In the years after a divorce or separation, life circumstances often change–and sometimes dramatically so. That change of circumstances may require a modification of an existing parenting plan. For example, custody arrangements that worked when children were very young may be unsustainable when they are older and have different needs. Other times, a parent may need to relocate for work or to be closer to family, requiring a new schedule to accommodate the move.
Experienced, Reliable Legal Guidance If Your Circumstances Have Changed
When material changes in circumstances justify changing a parenting plan order, it is necessary to promptly file a well-prepared petition that explains the basis for the modification to bolster your position and your chance of success.
At Sobieski, Messer & Elledge, we advise and represent people throughout the greater Knoxville area who need to make changes to an existing order as well as those who are on the receiving end of a petition that requests to make such changes. You can turn to us for:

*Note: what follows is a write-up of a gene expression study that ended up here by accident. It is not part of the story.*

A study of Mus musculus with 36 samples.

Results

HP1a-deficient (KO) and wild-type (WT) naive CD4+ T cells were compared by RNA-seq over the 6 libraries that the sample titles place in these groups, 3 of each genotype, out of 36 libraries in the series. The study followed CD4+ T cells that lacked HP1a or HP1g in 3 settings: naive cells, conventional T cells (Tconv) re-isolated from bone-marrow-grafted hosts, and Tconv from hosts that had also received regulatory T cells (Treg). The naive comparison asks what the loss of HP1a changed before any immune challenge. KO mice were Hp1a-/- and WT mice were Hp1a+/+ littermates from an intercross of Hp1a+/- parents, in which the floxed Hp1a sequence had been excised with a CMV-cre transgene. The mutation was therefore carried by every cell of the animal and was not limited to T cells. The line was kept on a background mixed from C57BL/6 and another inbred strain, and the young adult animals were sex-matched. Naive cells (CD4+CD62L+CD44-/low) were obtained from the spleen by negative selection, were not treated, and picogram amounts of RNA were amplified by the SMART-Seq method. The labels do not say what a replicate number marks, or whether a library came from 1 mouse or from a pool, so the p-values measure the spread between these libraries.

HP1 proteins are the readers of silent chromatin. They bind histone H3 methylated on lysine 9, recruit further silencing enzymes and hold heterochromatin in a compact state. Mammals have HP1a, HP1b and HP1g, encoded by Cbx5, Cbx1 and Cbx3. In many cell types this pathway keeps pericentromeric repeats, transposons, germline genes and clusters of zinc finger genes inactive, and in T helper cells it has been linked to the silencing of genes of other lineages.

- A thorough evaluation of your specific situation and all factors the court may consider when considering a modification of parenting schedule, holidays, child support, or other co-parenting issues.
- Clear, honest counsel on your likelihood of success with a modification action, including any potential risks and repercussions.
- Effective and unyielding representation advocate for you and your position in court.
Changing a Parenting Plan in Tennessee
Despite the “permanent” in permanent parenting plan, every parenting plan order can in fact be changed if there has been a material change in circumstances that affects your children’s best interest.
According to Tennessee law section 36-6-101, a material change of circumstance for purposes of modification of a residential parenting schedule may include significant changes in the needs of the child over time, which may include changes relating to age; significant changes in the parent’s living or working condition that significantly affect parenting; failure to adhere to the parenting plan; or other circumstances making a change in the residential parenting time in the best interest of the child.
For prompt attention regarding a modification of your parenting plan, we encourage you to contact us today to speak with one of our experienced divorce and family law attorneys and to schedule a consultation.